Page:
Published in The Seattle Times online on Oct.20, 2022
and in PacificNW Magazine of the printed Times on Oct. 23, 2022
‘A dream to do good’ inspired steelworker to build Italian villa
By Clay Eals
The phrase “hidden in plain sight” could have originated with the Cettolin house in West Seattle.
Nestled along the unpretentious, extended block of 32nd Avenue between the Fauntleroy Expressway (opened in 1965) and Nucor Steel (opened in 1905 as Seattle Steel), the dwelling, upon further examination, looks to be a villa straight from Italy.
Which was the intention. It was created by Fausto Urbano Cettolin (sett-oh-LEEN), who came to the United States in 1913 from the northern Italian town of Pianzano. In 1921, he married Erma Dina Monti, also a 1913 newcomer, arriving from Italy’s coastal city of Livorno.
In 1926, the industrious Fausto, who worked in the steel mill’s open hearth, began giving shape to a vision. “My father had a great love for my mother. That’s why he built the house,” says Virginia Cettolin, youngest of their six children. (Her sister Emma Dina Wislocker is the only other living sibling.) The project took 13 years.
“It was all in his head. He never had a plan as far as we knew,” says Virginia, an 87-year-old retired teacher and Dominican nun, visiting the three-story house from the Washington border town of Blaine. “I think it was just in him to create a family memory.”
Fausto’s pride materialized in the house’s slender stature, terrazzo floors, leaded windows and the arches and columns of its front porch, which also bears a colorful, if weathered, inlay circled by the words “Cettolin Autore” (Italian for “author”).
Stewarding the house are Marilyn Kennell, a former yoga teacher, and Alan McMurray, a cabinetry engineer, owners since 2014. The charm of the light-filled home brings tears to Kennell’s eyes: “It’s got such a good feeling to it.” Adds McMurray, “There’s nothing like it around.”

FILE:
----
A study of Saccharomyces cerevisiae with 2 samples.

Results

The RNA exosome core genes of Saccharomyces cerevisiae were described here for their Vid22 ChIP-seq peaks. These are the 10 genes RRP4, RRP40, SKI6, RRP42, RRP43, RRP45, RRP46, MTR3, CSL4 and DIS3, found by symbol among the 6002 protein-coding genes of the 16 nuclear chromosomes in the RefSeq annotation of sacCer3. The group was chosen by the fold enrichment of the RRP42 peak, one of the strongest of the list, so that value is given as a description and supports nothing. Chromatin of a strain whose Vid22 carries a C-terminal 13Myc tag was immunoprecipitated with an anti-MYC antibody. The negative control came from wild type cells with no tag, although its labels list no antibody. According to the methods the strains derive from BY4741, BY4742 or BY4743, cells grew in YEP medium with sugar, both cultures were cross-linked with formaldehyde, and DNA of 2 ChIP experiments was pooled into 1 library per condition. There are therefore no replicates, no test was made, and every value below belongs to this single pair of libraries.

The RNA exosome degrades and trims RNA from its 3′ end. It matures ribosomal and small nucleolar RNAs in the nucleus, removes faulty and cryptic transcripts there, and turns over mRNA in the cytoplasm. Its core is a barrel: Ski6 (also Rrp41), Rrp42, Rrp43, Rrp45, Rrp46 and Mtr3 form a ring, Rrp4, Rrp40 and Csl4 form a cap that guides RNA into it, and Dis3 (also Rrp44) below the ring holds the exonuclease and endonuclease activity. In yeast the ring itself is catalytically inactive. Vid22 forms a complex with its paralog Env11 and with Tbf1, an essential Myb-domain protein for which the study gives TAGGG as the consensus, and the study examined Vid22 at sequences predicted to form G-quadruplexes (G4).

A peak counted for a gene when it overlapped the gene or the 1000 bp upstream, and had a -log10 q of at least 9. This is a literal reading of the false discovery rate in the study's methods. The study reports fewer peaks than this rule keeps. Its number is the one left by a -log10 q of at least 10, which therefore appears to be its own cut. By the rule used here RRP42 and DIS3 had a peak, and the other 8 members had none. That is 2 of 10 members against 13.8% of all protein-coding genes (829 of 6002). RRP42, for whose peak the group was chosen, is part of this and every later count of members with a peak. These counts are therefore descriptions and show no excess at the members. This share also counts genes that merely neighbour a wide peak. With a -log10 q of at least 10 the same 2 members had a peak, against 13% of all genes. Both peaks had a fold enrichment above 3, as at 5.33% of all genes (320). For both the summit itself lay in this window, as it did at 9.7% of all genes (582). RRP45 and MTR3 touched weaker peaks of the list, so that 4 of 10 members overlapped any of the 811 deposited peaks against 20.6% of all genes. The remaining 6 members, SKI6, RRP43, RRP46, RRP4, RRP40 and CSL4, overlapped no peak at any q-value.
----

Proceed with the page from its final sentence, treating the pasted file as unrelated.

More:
Welcoming Virginia Cettolin to their home is part of the couple’s dogged effort to gather data to support a Seattle landmark nomination they have commissioned.
While they would vouch for preserving the home in any event, the two hope landmark status would help persuade Sound Transit not to threaten their neighborhood by constructing its West Seattle light-rail extension through their street. The light-rail decision could come in 2023.
In early years, the Cettolin house stood alone on three lots, with the Pigeon Point bluff, south Seattle and downtown as a stunning backdrop. Today, with subdivisions by later owners, the home is hemmed in, and the growth of greenery makes it nearly hidden and easy to miss.
But not for Virginia Cettolin: “It’s the fulfillment of an immigrant, and to me, that’s why it’s very important. It truly shows from nothing to something in America. You come with a dream to do good in America.”
Special thanks to Deb Barker and especially Virginia Cettolin, Marilyn Kennell and Alan McMurray for their help with this installment!
To see Jean Sherrard‘s 360-degree video of the “Now” prospect and compare it with the “Then” photos, and to hear this column read aloud by Clay, check out our Seattle Now & Then 360 version of the column.
4 thoughts on “Seattle Now & Then: Italian villa, 1930s”
Very nice portrait of a West Seattle family, and their home!
While growing up in West Seattle during the ‘60s and ‘70s, I delivered the Seattle Times to, and mowed lawns at many fine older homes, and can identify with the general look of the house and gardens pictured in the photos displayed.
This a fabulous article! A creative “call to action.” Clay captures the reader’s attention with the heart and soul of the house and its people, subtly leaving us with the threat of eminent domain. Time to get to take action West Seattleites!!!
What a wonderful story! I hope this home is protected and remains a part of Seattle history.
If anyone can connect me to the Cettolin family, I’d be most interested in including them in a history project I’m working on about early Italian settlers in the PNW https://tessafloreanowritings.substack.com/p/intrepid-italians-in-the-west
My book covering Italian immigrants in Idaho, Oregon, and Washington during 1880-1950 will be published next fall by Arcadia Publishing as part of their IMAGES OF AMERICA series.
I’m currently looking for stories and original high-resolution photos that I can include in both my book and the accompanying Substack site. I’d be most grateful to anyone who helps spread the word to anyone of Italian heritage who has a family and business history in the Pacific Northwest. I’ve already reached out to some folks through the Casa Italiana in Burien as well as a couple of OSDIA chapters.